Interview: Ruth Betteridge reveals more family history in Love Birds


Ruth Betteridge as Valentine Macaw in Love Birds. © Steve Ullathorne

Continuing our cast interview series, we catch up with Ruth Betteridge, who plays Love Birds‘ youngest Macaw Sister, Valentine. Read more about Ruth’s previous credits on the Love Birds cast page. Follow him on Twitter @BetteridgeRuth

Tell us more about your character, Valentine. She’s got quite an interesting father in Baalthazar. What do you think their family backstory is?

Greg350x460-love birds_0622Valentine is loving, thoughtful and hard-working. She is the youngest of the Macaw trio and daughter of Baalthazar [played by Greg Castiglioni], the star of the revue. I think Valentine’s mother tragically died when she was very young and so she was left to be brought up by Baalthazar, who never really planned to be a father. She adores him, but Baalthazar finds it more difficult to show Valentine how he feels. Having grown up in his shadow, Valentine wants to find her own voice but more than anything, she wants him to notice her. Much to her surprise, however, it’s the youngest penguin Puck [played by George Knapper] who’s the one to notice her and their affection for each other grows throughout the show. This is the first time Valentine has been in love, and although it frightens her, Puck proves to be a loving and dependable young penguin.

It has been so wonderful to discover and create the role of Valentine. She is a lovely character, who goes on a journey throughout the show as she discovers herself. I have had many opportunities to talk with Robbie Sherman about the role, and for an actor, this is such a privilege and a very exciting experience.

The costumes that the parrots wear in Love Birds are very feathery and colourful. Do they present any special challenges in performing?

I love the costumes so much! Gabi [designer Gabriella Slade] has done such a fantastic job, and many of the reviews mention just how vibrant and colourful they are. They did take some getting used to… I remember the first time we ran Tinpanorama in costume, there were feathers everywhere. If it wasn’t your own feathers in your face, it was someone else’s – it was very funny. Now the costume is so much a part of my character and brings the show to life. We also have amazing feather eyelashes, which seem to capture a lot of attention, especially from the young girls, who just stop and stare as we walk past on our way to the venue. It’s sweet.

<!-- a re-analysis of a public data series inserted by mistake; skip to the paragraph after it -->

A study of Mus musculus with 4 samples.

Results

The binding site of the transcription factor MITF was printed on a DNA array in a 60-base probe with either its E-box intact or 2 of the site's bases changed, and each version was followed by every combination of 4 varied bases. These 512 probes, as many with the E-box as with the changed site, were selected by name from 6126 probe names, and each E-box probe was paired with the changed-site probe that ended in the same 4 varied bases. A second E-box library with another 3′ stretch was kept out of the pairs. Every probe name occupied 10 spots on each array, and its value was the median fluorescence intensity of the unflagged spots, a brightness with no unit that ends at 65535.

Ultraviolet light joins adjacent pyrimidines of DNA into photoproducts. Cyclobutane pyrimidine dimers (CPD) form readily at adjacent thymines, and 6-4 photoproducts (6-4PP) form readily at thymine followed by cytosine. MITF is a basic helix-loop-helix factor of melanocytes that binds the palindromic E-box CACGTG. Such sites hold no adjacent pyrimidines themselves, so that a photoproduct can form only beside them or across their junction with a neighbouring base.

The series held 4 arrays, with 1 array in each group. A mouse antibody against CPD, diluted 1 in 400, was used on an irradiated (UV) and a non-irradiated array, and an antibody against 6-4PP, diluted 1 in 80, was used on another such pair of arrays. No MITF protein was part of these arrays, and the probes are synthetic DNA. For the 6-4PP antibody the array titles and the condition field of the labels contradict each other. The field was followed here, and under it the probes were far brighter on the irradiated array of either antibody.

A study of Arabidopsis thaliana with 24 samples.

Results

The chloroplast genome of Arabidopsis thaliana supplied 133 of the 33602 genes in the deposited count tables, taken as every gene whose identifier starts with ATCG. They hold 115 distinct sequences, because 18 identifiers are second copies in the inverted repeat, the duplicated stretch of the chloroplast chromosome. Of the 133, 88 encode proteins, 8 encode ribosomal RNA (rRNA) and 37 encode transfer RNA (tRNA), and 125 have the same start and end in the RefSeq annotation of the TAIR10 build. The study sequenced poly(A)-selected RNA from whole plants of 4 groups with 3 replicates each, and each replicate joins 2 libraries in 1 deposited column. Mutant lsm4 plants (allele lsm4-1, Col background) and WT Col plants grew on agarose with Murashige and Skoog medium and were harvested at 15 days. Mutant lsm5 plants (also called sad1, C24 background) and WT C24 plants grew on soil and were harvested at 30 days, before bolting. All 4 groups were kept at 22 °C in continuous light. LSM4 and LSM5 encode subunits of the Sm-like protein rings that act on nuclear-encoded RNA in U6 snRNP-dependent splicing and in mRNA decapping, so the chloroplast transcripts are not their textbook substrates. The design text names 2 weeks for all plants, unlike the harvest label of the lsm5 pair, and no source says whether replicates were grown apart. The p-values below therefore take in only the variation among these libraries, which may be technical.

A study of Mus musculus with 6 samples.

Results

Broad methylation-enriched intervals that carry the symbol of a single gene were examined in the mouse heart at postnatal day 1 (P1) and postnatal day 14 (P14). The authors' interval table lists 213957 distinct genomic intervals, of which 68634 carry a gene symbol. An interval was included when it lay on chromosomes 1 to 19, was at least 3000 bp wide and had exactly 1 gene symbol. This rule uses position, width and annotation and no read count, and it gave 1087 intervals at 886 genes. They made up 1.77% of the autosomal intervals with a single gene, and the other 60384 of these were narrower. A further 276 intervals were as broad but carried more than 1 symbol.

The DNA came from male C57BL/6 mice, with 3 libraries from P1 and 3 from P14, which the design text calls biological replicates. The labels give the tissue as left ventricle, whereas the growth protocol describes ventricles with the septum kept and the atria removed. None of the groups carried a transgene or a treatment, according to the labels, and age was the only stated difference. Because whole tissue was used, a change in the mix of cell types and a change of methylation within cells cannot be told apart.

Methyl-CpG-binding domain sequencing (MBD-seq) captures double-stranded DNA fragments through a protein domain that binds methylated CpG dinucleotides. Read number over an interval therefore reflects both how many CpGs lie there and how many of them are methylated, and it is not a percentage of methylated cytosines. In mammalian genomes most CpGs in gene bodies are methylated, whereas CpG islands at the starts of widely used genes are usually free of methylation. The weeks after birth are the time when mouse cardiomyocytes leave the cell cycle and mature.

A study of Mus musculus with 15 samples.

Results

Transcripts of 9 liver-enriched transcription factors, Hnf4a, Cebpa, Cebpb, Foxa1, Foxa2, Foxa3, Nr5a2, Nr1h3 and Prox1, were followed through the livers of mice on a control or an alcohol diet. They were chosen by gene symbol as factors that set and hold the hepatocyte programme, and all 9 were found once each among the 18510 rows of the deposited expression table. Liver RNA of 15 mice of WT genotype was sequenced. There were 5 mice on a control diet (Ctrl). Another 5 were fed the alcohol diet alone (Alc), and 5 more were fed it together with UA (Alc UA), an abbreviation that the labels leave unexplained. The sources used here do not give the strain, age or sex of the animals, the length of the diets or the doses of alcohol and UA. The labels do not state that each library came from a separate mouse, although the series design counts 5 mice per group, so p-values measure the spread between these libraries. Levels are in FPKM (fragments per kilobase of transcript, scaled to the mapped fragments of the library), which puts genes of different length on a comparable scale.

Do you have a favourite lyric from the show?

This is difficult because there are so many great songs and lyrics in the show, but I would have to say that my favourite song is Tinpanorama. The title itself is a great word and there are so many great lyrics in this song. I particularly like the line “Lord please point me toward that clickety birdy in the rickety tree, his tickety talk is taking hold of me”. The word “tinpanorama” was made up by Robbie’s father, Robert B Sherman. It was the title of a 1965 LP record made following the success of Mary Poppins.

Ruth Betteridge, Anna Stolli and Joanna Sawyer performing Tinpanorama at the Pleasance Gala Launch

Ruth Betteridge, Anna Stolli and Joanna Sawyer performing Tinpanorama at the Pleasance Gala Launch

Love Birds opened the Pleasance Gala Launch this year, a real honour. What was that like on the day?

The Pleasance Gala Launch was such a great opportunity for us to promote the show and a brilliant experience. It was very strange performing Love Birds in such a big space, Pleasance Two is a lot smaller [750 vs 150 seats], but we all loved it. It really gave us a chance to make the most of Stewart Nicholls’ wonderful choreography, and the performance felt exciting and so full of energy. Interestingly, our own show an hour later was great. I think the adrenaline carried through, and the Launch certainly gave me the Edinburgh Fringe Buzz!

This is your first time performing at the Fringe. How would you describe it so far?

Yes, this is my first time performing at the Fringe, and I love it so much! Love Birds is a fabulous show to be involved in, with a lovely cast and crew – I couldn’t ask for more!

Your parents live in Edinburgh now. How has that affected your Fringe?

Mum and Dad have lived in Edinburgh for the past three years so I was very excited to be here for a month. I’m not staying with them while I’m here, but it is so lovely to see them whenever I can. It’s strange because, usually when I come home to visit them, I’m on holiday and can relax so this is very different. Still, we have had a chance to visit the coast, walk in the Pentland Hills, and I’ve had lots of lovely homemade meals. Mum and Dad have both seen the show and they’re coming again at the end of the run. They absolutely love it!



Doris, Dolly and the Dressing Room Divas

What other shows have you seen that you’d recommend?

The atmosphere of the festival is incredible. I have to remind myself to rest sometimes because it is so easy to spend all your time running around seeing shows and making the most of the experience. My favourite shows so far have been Showstopper! The Improvised Musical and Doris, Dolly and the Dressing Room Divas. Showstopper is an improvised musical – I have been three times already! The performers are so talented and the musicals they create are unbelievable, they are always extremely entertaining and hilarious. Doris, Dolly and the Dressing Room Divas is full of the secrets, songs and love lives of five legendary divas. It is very funny and the music is wonderful.